For the Day Eleven prompt of the 28-Day Blog Challenge for Authors the question is:
Describe your editing process. Who edited your book? What was your relationship with your editor like? What could each of you have done to improve it? What might you do differently in the future?
Ugh editing, probably my least favorite part of the writing process. I know people who feel the exact opposite. They love going back over their stories with a fine tooth comb and fixing everything that's wrong with them. I consider my strength free writing. I spit out a first draft like nobody's business. Every scene has been worked out in my head a million times over before I even type a single word.
What I found the most helpful thing to do in editing is walk away for awhile. When you're writing at times, it's like you have beer goggles on. You may think you're writing the next great American novel one night and then wake up the next morning and wonder what the hell you were thinking. When I finished the first draft of First Visions, I forced myself to not open the file for a week. When I went back to it, I had a clear head and I could really look at it with a critical eye. After my first two rounds of edits, I had a few people read the book and get their feedback. Then made another round of edits.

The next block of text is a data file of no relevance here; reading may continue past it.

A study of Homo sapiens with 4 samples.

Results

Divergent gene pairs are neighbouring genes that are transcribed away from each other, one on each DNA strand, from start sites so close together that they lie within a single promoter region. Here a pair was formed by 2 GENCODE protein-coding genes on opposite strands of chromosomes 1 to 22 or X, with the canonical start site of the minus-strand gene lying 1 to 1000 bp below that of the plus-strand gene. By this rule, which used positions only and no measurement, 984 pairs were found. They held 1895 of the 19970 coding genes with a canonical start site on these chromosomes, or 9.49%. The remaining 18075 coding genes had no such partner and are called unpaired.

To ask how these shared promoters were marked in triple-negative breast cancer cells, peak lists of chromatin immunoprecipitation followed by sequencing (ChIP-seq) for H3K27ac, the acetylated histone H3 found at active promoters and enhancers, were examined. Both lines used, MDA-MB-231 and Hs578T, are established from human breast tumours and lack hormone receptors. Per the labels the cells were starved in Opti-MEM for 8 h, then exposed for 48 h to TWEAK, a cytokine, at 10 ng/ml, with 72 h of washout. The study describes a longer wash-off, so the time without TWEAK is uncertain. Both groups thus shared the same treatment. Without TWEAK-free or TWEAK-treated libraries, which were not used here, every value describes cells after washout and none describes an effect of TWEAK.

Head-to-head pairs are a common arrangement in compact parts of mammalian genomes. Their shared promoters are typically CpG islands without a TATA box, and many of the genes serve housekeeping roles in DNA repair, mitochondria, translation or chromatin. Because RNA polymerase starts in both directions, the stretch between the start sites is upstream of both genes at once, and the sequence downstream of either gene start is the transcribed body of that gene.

I held off working with an editor at first because I received differing opinions on this. Writers told me to wait to hear back from my queries since editing can be subjective a lot of the times. During this time, I received some helpful (and some not so helpful) advice from agents and small press editors on things I could do to the story to improve it. Some of the opinions I ignored, but a few of the suggestions I took to heart during my next round of edits.
After I passed on two offers from small presses, I knew I needed to hire an editor before I published the book. Since I do freelance work on Elance, I decided to post an ad there (don't ask about the one I posted on Craigslist, I still have weirdos send me all sorts of crazy requests). Being on the other side, I found selecting a freelancer a tricky thing. There seemed to be no sort of average bid amount. I got offers starting at $100 to edit a 62,000 word novel to $750. Based on experience, editing samples and her profile feedback, I chose Trisha to work with. Overall, it was a positive experience. She used track changes and did all the edits I requested in a timely and professional manner.
Jeez, this makes me tired just looking at my process (and I'm going to do this all over again with book two? Gulp). Can't wait to hear about other writers' experiences with editing.